To my dear friends in New Britain:
It hasn't been easy driving through the city since late last November, knowing that I was no longer writing stories for y'all. My writing comes from the heart, and you know the thousands of stories I wrote over 15 years at the Herald, speak to the passion I have for the kids, the coaches and the people who make sports news in the city.
Well, I'm back, but don't look in the Herald for me! I'm writing for a weekly paper, the New Britain City Journal, that was started by Robin Vinci and is doing very well. The NBCJ hasn't had much in the way of sports so we decided that collaborating was a win-win proposition.
Below is my first effort for Robin and her loyal readers. You'll see plenty on New Britain football, that wonderful boys soccer team that Matt Denecour has assembled, and all the other fall sports. I still have my ear to the ground with the Rock Cats and perhaps we'll connect on them next season. Look forward to hearing from you.
The intangible characteristic that depicts sports tradition in New Britain as time-honored beyond most is best described by a French saying that has found a niche in English because English scholars cannot find a better way to say it.
Je ne sais quoi.
A less elegant way of saying it is that when it comes to sports, New Britain has that “certain something.” Translated literally, it means, “I don’t know what,” but since I wrote sports in New Britain on a daily basis for 15 years, I DO know what. I don’t know exactly why, but I’ll give you the particulars.
It has to start with New Britain High School football.
I first felt that je ne sais quoi on Nov. 24, 1999 at Manchester High School. It may seem unusual that I never felt it to such an extent at Hurricane-charged Veterans Memorial Stadium, but such eerie forces generally cannot be explained.
The Hurricanes of Coach Len Corto – the steamrolling ground game provided by senior Chris Bellamy and sophomore Justise Hairston, the leadership of able quarterback Mike Donnelly, a couple of Madigans and thundering fullback Steve Wysocki – were on a roll. They dropped a 27-26 decision at Southington in the season’s second game, but just whipped up unmercifully on people for the next seven weeks.
In my heart and mind, New Britain had the best team in the state, yet with the Manchester game on the horizon, the Hurricanes needed help to get into the Class LL playoffs and the prospects were too far-fetched. Three undefeated teams and several once-beaten squads had mathematical advantages in the CIAC ratings race that only a series of unfathomable upsets could change. Help wasn’t coming.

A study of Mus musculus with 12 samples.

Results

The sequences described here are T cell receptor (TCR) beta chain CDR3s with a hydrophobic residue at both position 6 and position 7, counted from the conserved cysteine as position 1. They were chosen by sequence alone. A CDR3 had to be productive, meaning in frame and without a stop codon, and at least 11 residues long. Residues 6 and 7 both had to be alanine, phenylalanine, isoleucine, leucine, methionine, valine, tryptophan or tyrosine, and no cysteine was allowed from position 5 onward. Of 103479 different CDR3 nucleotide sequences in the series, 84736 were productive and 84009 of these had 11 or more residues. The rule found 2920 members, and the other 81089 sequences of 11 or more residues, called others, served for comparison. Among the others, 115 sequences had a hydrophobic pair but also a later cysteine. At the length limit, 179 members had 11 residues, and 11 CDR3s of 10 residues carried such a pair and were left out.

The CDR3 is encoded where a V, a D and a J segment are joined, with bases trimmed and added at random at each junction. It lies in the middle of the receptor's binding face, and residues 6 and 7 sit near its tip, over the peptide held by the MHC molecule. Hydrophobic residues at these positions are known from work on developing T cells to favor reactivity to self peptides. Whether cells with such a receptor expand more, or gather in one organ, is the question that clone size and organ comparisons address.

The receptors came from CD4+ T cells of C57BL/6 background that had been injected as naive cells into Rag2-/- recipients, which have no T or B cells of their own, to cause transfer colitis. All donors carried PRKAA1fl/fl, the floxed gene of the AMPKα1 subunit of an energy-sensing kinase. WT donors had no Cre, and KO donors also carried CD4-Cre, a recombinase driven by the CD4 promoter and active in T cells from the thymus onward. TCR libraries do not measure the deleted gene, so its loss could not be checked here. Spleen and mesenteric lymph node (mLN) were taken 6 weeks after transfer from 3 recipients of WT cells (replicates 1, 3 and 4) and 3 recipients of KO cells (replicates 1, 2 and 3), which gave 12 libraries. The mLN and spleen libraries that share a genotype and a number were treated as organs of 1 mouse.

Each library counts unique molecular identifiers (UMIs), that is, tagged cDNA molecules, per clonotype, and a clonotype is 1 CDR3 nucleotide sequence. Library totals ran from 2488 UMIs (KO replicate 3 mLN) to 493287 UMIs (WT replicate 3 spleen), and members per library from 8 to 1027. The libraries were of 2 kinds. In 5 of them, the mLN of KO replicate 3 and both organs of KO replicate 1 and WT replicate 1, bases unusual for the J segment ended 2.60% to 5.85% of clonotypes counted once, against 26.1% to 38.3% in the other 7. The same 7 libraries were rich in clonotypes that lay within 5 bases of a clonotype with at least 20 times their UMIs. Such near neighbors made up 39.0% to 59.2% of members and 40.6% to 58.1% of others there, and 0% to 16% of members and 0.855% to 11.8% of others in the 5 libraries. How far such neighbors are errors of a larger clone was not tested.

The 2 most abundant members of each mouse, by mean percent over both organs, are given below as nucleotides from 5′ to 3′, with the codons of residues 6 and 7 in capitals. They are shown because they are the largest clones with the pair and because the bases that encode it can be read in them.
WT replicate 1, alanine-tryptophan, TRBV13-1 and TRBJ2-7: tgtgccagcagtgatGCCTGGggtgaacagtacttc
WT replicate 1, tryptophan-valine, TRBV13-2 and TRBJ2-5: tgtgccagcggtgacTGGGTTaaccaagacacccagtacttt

The game against Manchester had already begun. My wife Lisa, a 1973 NBHS grad with a heart of (maroon and) gold, was in attendance. I never saw her so excited for a game, and that certainly shaped my emotional composition.
Far off in the distance, at the other end of the parking lot, it rose like a crescendo. The New Britain High School Golden Hurricane Marching Band had run into some Hartford traffic, but the unmistakable sound of “Bingo” pierced the night air.
As Bellamy, Hairston and Wysocki were in the midst of rolling up over 250 yards and nine touchdowns, I felt a trickle down my cheek. Wow, I knew I cared, but I didn’t know I cared that much. “Bingo,” and the band marching into the stadium has some deep-seated ethereal effect on me.
Well, New Britain’s 58-0 victory wasn’t enough for a playoff berth. The Hurricanes had outscored their foes 316-12 over the final six weeks, and that wasn’t enough either.
Masuk, Fairfield Prep and eventual champion Greenwich finished their seasons undefeated. Southington notched the fourth and final spot despite losing to Cheshire on Thanksgiving Day. New Britain was a staggering seventh in the ratings, but that day the Hurricanes sealed the number one slot in my heart.
Five years later, as Coach Jack Cochran drove the ’Canes toward their third ‘LL’ title in four years, I had another experience that convinced me just how special New Britain football is.
The date was Nov. 30, 2004. New Britain ventured to Kennedy Stadium in Bridgeport to play Bridgeport Central in the semifinals. I got there good and early as I always try to do and was introduced to a man who personifies extreme dedication to NBHS football.
Eugene Johnkoski, 79 at the time, had relocated to Palm City, Fla., from the Hardware City in 1994. He missed his New Britain football so much that he would return home every fall to take his place among the Willow Brook Park faithful.
I can’t recall exactly what Mr. Johnkoski told me that chilly night in Bridgeport when I asked him why he did this, but it was something along the lines of, “Je ne sais quoi.”